D6 – WPC Dialogues: Sydney, Australia 2014

July 25, 2017

WPC Dialogues: Sydney, Australia 2014

WPC Dialogues: Sydney, Australia 2014: Day 6

Human Rights in Conservation: Progress Since Durban, Conservation Initiative on Human Rights

Saturday 15 November 2014
5:30 PM

Gonzalo Oviedo
Gonzalo Oviedo

Kristen Walker
Kristen Walker

Helen Schneider
Helen Schneider

 

 

 

 

 

 

 

 

 

The session reflected on the progress made with the Durban Conservation Initiative on Human Rights, launched at the last World Parks Congress in 2003. The partners to this initiative have published a white paper to reflect on developments since the Initiative’s inception.

Helen Schneider from Flora and Fauna International reported that her organization has developed formal policies and position papers to implement a rights-based approach in Flora & Fauna International’s work. Tools, capacities and technical advice is provided to partners on the ground. A key achievement is that the organization’s “work on REDD has been a strong driver of a rights-based approach.” On the work ahead, she noted that power relations are rarely spoken about. Communities should be empowered to defend their rights themselves, to be duty bearers without external assistance.

Michael Painter from the Wildlife Conservation Society said that the Durban Conservation Initiative on Human Rights led to a concentration of efforts in the field of human rights, complementing the organization’s efforts to engage deeply with local actors through long-term presence in the field. There was also a realization that conservation organizations need to be consistent in how international standards and rights function in different local circumstances. Painter pointed out that at as science driven organization, it has at times been challenging to identify the political nature of field activities.

David Thomas from Birdlife International explained that as an organization that emphasizes grassroots community action, a key responsibility with regards to human rights is to build capacity in these communities to more effectively incorporate human rights in project activities. This is done through the development of tools and training materials, aiming to enable partners to build skills and confidence to address human rights issues.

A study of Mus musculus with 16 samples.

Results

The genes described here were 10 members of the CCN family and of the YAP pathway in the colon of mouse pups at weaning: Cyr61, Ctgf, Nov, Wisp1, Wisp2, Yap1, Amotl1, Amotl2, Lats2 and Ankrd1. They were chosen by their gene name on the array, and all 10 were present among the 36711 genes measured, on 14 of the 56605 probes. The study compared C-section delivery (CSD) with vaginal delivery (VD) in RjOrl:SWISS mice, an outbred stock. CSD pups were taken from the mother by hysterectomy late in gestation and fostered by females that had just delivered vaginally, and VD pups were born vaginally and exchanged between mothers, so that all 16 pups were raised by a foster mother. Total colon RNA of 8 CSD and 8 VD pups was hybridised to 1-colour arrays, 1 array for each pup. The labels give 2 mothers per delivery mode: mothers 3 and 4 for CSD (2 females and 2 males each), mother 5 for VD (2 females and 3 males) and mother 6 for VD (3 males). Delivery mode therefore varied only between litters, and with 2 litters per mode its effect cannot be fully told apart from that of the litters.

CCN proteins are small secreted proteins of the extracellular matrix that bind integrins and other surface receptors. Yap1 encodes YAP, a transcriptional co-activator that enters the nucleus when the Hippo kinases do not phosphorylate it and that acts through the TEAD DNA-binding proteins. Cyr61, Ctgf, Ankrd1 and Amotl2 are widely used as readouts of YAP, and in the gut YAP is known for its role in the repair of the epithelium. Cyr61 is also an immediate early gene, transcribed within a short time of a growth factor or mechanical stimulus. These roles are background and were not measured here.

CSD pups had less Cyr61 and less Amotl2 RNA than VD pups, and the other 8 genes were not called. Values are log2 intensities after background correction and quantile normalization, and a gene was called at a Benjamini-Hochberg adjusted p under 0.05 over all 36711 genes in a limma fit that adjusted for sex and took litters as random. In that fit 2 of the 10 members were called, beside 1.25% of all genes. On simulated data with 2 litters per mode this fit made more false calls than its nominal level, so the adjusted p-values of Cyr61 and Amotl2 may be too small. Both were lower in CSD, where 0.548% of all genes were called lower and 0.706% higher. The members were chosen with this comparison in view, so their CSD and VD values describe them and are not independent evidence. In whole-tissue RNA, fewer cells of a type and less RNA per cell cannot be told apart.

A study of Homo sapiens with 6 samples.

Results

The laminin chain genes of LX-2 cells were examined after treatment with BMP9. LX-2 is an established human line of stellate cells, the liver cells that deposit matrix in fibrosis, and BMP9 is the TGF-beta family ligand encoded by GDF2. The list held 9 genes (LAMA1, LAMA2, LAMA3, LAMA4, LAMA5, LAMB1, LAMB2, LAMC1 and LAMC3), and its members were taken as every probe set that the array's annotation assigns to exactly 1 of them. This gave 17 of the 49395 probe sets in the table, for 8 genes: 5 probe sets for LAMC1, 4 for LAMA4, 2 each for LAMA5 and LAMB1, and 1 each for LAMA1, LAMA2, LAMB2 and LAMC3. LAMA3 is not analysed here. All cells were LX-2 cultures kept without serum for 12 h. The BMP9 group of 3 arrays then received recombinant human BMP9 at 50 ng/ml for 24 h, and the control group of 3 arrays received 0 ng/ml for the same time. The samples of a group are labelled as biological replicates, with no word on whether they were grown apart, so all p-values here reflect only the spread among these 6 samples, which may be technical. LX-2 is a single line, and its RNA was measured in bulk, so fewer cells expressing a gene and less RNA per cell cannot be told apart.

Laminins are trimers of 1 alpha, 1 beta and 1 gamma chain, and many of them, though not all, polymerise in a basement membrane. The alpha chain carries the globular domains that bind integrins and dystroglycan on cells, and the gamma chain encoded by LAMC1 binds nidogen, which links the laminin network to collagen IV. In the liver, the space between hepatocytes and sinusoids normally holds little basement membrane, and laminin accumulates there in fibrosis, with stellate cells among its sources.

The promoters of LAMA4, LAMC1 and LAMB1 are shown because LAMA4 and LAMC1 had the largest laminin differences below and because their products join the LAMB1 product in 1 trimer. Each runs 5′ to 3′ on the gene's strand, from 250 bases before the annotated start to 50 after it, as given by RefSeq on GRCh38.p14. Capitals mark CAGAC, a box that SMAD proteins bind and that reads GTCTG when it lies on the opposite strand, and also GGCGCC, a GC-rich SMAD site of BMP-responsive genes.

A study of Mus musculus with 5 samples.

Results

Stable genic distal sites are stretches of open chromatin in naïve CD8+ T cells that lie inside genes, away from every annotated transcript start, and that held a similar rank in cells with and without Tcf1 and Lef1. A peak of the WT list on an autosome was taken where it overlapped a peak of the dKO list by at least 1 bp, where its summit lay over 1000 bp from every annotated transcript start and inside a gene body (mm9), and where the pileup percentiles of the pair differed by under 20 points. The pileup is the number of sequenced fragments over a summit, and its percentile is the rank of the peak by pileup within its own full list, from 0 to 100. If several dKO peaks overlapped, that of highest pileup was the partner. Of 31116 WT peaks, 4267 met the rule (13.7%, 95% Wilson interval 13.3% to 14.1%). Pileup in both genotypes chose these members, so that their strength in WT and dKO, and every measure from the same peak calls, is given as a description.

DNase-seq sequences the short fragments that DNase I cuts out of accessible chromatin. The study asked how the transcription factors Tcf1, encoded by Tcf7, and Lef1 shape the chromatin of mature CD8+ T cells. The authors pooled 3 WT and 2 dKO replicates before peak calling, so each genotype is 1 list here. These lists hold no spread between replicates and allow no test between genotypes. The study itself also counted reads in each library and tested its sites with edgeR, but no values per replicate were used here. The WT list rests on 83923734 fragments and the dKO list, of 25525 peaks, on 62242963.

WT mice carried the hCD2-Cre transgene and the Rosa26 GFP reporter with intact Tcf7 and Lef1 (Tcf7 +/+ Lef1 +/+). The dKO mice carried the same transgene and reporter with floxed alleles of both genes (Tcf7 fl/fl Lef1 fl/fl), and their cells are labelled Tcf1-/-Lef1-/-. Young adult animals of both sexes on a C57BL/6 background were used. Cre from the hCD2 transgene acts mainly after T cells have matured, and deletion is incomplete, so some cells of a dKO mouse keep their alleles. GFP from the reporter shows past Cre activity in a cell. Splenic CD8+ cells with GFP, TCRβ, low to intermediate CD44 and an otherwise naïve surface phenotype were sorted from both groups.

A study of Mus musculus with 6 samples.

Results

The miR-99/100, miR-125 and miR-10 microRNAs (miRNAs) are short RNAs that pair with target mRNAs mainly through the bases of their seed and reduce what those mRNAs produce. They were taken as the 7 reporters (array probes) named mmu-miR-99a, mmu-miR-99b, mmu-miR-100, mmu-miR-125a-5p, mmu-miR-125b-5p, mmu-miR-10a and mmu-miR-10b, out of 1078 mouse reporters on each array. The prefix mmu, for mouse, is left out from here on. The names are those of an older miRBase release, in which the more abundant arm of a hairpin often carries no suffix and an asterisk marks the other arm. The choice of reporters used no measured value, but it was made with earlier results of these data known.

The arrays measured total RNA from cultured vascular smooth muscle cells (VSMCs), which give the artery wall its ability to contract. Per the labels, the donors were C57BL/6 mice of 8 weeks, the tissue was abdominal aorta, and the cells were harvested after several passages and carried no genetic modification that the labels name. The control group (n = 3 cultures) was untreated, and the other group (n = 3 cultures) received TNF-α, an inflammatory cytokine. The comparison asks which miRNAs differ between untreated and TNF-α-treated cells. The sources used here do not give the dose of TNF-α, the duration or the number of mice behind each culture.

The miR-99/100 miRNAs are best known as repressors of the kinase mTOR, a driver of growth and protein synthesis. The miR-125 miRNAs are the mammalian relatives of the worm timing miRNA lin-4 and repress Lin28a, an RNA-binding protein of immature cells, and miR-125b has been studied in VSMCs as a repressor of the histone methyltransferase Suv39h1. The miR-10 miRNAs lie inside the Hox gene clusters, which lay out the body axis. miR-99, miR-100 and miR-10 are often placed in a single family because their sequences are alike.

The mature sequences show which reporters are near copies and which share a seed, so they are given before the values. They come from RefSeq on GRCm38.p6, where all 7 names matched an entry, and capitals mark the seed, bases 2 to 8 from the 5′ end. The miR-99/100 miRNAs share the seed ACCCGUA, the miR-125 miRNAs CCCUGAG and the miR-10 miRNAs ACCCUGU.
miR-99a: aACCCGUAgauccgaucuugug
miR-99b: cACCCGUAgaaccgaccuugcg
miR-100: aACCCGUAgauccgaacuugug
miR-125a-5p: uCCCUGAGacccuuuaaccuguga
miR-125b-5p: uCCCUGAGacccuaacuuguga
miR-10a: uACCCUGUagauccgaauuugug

Kristen Walker, Senior Vice President at Conservation International, reflected on how the participation of indigenous peoples in the Initiative: “We need to listen better to indigenous communities, and they need to be engaged better in policies.” Conservation International has opened its Board of Directors to more indigenous representatives, developed new policies and worked both bottom up and top down to enable a broader dialogue on the issue: “We wouldn’t dare having a meeting now without having community dialogues.” On challenges, she said that “we often fail to highlight indigenous and traditional knowledge.” More exchanges are needed between scientists and traditional knowledge keepers.

For the Nature Conservancy, Nina Hadley reported that the human rights based approach has led to a more formally recognized engagement with communities. She said the role of TNC here would be connect communities and indigenous partners, and provide conduit for voices. There has been a stronger emphasis on partnerships to achieve human rights objectives, such as working with health organizations.

Christina Eghenter from WWF Indonesia reported that a stronger engagement with human rights topics was launched within WWF in 2002. The Durban Conservation Initiative on Human Rights “allowed us to reaffirm our commitment”. She said it is a real challenge to move from a Do No Harm approach to actively promoting human rights.

Gonzalo Oviedo from IUCN’s Social Policy Programme observed that organizations have made a lot of progress in the past 10 years. He named a few challenges, such as delivering on the connection between rights and conservation. Specific capacities and actual practices would need to receive a stronger focus. He admitted that IUCN has a weak monitoring system to measure social standards.

In the following discussion, Vicky Tauli-Corpuz, the UN Special Rapporteur on the Rights of Indigenous Peoples criticized the Durban Conservation Initiative members for their leniency in establishing monitoring and evaluation processes: “We will question your sincerity if we don’t see changes in the monitoring process.” She also questioned the initiative against the backdrop of the scientific orientation of its members: “You need to think about how to reconcile the now recognized traditional knowledge systems with the science-based policies you are providing.”